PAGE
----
International Day For Indigenous People
Celebrated globally every year on 9th August, the international day for indigenous people was adopted formally in 1994 by the United Nations. The date symbolizes the first meeting of the United Nations Working Group on Indigenous Populations (WGIP) overseen by the Sub-Commission on the Promotion and Protection of Human Rights held in Geneva, in the year 1982. The aim of the WGIP was to promote and protect human rights, including the fundamental rights of the indigenous people.
Some 476 million tribes are scattered all over the world, with about 104 million of them belonging to India alone. These people are bound together by their experiences of exploitation at the hands of the mainstream population. Stories like that of Columbus’ success in the ‘New World’ or the Americas, go side by side with those of suffering and pain encountered by the indigenous people who became marginalized and alienated from their own land. As groups with power and knowledge began to expand their influence over foreign lands, the traditional knowledge systems of those people who had lived in those lands for centuries, came to be undermined. Stripped-off of their lands, the tribal people succumb to poverty because they are completely dependent on the nature. As the world continues to evolve and make advancements in fields of science, technology and other aspects, the indigenous people step closer to the risk of getting wiped out completely from the surface of the earth.
In India, the term ‘Adivasi’ is used collectively for the indigenous people residing in the country. As a result, the International Day for Indigenous people is also celebrated as the Adivasi Divas in India and is considered a regional public holiday in Madhya Pradesh.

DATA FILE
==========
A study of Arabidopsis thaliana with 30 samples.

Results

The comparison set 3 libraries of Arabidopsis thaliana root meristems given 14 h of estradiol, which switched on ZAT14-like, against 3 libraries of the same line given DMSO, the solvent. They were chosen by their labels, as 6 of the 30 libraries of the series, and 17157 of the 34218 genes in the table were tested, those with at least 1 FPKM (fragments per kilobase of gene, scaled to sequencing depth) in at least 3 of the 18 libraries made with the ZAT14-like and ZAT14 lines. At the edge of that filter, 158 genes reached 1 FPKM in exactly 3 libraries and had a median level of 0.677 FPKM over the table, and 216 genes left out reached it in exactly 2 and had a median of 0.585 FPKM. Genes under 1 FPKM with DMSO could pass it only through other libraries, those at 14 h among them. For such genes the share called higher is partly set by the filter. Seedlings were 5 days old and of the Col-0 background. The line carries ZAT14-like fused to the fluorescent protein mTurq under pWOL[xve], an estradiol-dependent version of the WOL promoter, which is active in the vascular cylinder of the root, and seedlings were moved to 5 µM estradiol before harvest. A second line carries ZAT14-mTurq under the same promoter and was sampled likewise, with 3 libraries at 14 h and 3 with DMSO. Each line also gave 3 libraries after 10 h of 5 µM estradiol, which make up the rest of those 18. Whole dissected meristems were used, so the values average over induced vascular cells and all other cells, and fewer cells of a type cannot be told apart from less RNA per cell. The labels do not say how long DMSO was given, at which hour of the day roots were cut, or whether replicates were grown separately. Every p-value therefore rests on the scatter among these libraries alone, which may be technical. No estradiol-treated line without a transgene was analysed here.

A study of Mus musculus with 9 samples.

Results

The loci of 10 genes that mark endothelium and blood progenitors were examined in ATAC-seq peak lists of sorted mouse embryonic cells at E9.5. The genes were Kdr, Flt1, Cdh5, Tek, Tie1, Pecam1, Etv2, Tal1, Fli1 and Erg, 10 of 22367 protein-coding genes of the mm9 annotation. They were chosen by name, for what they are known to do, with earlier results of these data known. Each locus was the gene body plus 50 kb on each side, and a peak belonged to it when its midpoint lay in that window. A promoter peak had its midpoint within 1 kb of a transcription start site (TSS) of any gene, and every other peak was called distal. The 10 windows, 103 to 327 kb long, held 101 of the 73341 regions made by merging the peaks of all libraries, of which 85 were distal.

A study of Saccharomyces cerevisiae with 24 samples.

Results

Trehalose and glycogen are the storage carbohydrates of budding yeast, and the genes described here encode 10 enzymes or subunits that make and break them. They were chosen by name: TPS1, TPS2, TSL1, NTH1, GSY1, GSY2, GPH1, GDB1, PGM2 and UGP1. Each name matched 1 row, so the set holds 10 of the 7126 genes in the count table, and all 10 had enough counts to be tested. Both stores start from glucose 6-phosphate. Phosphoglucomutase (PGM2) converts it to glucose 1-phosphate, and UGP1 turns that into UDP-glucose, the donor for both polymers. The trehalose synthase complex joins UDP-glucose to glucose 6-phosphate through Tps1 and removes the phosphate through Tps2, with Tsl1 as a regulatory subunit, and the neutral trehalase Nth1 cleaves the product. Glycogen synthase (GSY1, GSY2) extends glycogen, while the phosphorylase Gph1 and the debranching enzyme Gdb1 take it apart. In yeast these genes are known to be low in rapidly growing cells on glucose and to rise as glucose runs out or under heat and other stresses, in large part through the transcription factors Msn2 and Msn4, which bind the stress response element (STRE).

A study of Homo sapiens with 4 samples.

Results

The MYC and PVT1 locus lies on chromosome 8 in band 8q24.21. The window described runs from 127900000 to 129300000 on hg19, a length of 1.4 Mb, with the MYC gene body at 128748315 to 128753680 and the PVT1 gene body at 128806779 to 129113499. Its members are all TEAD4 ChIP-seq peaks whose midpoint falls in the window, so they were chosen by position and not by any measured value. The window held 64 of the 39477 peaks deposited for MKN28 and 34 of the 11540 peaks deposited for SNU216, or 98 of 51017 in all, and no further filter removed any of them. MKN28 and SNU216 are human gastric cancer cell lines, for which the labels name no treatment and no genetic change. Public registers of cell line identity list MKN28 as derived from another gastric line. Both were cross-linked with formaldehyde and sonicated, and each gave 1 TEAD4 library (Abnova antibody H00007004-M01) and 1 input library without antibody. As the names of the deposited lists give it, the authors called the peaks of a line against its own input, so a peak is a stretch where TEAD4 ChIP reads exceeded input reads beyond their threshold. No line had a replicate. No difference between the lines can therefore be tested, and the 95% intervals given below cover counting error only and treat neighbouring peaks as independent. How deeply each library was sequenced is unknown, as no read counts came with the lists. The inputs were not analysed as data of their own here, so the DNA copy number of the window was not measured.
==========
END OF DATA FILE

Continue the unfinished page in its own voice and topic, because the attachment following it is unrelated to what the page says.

The history of the Adivasis is equally tainted with oppression and violence at the hands of colonizers and other authorities. Half a century has passed since the independence of India but the condition of the tribal population has not improved much. Even today, the tribes struggle to retain hold over their ancestral lands, which threaten to slip away for meeting the infrastructural and other developmental needs of the nation. Celebrating and honouring the indigenous people one day in the whole year is simply not enough. However, it is still a significant step towards creating and spreading awareness about the problems faced by these people everywhere. Loss of livelihood, poverty, scarcity of resources, especially for women and children resulting in the lack of nutrition and general discrimination by the mainstream society for their ‘backward’ ‘uncivilized’ ways are few of the many problems faced by the indigenous people on a day-to-day basis.
The international day for indigenous people adopts a distinct program every year designed specifically with the aim of benefitting these oppressed communities across the globe. The theme for 2021 for instance, was “Leaving no one behind: Indigenous peoples and the call for a new social contract”. This theme was adopted to acknowledge that indigenous people have their own ways of governance and ways of life and therefore any changes desired by the mainstream groups must not be done without the consent of these concerned people. Similarly, the theme for 2022 is “The Role of Indigenous Women in the Preservation and Transmission of Traditional Knowledge”. Indigenous women face oppression and marginalization on two levels – first because of their tribal affiliation and second, for their gender. Their contributions to their community, particularly their role as preservers and transmitters of ancestral practises and traditions are often neglected. The story of Odisha’s Bonda tribal women and their sustainable ways of seed conservation in the wake of growing climate change issue is only one of the many examples, showing how women contribute to their community and the world environment.
Countless such stories exist within every indigenous community; stories that proof that indigenous people and their ways of life might perhaps be the ultimate solution to the ever-increasing problem of climate change.